PainSci » bibliography » Moore et al 2023

One article on PainSci cites Moore 2023: Whole Body Cryotherapy for Pain

original abstract Abstracts here may not perfectly match originals, for a variety of technical and practical reasons. Some abstacts are truncated for my purposes here, if they are particularly long-winded and unhelpful. I occasionally add clarifying notes. And I make some minor corrections.

BACKGROUND: Studies investigating the effects of common recovery modalities following acute strenuous exercise have reported mixed results.

OBJECTIVES: This systematic review with meta-analysis and meta-regression compared the effects of cold-water immersion (CWI) against other common recovery modalities on recovery of athletic performance, perceptual outcomes, and creatine kinase (CK) following acute strenuous exercise in physically active populations.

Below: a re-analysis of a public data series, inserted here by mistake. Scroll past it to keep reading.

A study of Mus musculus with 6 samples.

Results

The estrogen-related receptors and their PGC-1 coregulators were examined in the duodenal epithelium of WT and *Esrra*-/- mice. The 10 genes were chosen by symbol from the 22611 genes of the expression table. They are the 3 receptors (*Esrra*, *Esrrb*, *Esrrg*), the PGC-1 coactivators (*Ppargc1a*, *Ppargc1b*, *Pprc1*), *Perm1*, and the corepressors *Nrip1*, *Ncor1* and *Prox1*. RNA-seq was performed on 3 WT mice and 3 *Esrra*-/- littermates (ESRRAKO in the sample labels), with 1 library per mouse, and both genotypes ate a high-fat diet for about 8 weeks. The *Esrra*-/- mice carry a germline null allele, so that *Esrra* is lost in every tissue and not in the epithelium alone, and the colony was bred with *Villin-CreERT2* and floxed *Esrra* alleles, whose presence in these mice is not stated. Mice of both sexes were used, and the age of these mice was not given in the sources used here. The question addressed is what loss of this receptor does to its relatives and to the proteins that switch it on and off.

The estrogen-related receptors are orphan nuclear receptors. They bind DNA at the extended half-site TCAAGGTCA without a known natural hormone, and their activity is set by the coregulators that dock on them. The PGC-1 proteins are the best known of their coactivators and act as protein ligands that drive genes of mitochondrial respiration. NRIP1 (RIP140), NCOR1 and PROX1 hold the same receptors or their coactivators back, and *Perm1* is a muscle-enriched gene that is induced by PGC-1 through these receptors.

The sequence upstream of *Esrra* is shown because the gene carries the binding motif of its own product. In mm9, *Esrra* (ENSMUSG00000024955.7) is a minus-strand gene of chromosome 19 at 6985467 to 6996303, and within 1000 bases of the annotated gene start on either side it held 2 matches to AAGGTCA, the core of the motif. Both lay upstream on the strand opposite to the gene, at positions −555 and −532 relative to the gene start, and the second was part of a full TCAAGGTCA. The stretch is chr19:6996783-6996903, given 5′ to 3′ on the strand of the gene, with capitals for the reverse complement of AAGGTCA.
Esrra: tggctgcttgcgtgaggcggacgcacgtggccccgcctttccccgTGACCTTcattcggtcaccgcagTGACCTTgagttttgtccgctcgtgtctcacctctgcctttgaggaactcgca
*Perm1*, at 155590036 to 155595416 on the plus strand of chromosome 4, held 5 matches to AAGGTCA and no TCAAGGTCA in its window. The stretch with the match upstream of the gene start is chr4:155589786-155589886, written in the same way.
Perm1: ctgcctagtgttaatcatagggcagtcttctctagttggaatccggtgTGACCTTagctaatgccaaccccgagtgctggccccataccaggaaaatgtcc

STUDY DESIGN: Systematic review, meta-analysis, and meta-regression.

METHODS: The MEDLINE, SPORTDiscus, Scopus, Web of Science, Cochrane Library, EmCare, and Embase databases were searched up until September 2022. Studies were included if they were peer reviewed, published in English, included participants who were involved in sport or deemed physically active, compared CWI with other recovery modalities following an acute bout of strenuous exercise, and included measures of performance, perceptual measures of recovery, or CK.

RESULTS: Twenty-eight studies were meta-analysed. CWI was superior to other recovery methods for recovering from muscle soreness, and similar to other methods for recovery of muscular power and flexibility. CWI was more effective than active recovery, contrast water therapy and warm-water immersion for most recovery outcomes. Air cryotherapy was significantly more effective than CWI for the promotion of recovery of muscular strength and the immediate recovery of muscular power (1-h post-exercise). Meta-regression revealed that water temperature and exposure duration were rarely exposure moderators.

CONCLUSION: CWI is effective for promoting recovery from acute strenuous exercise in physically active populations compared with other common recovery methods.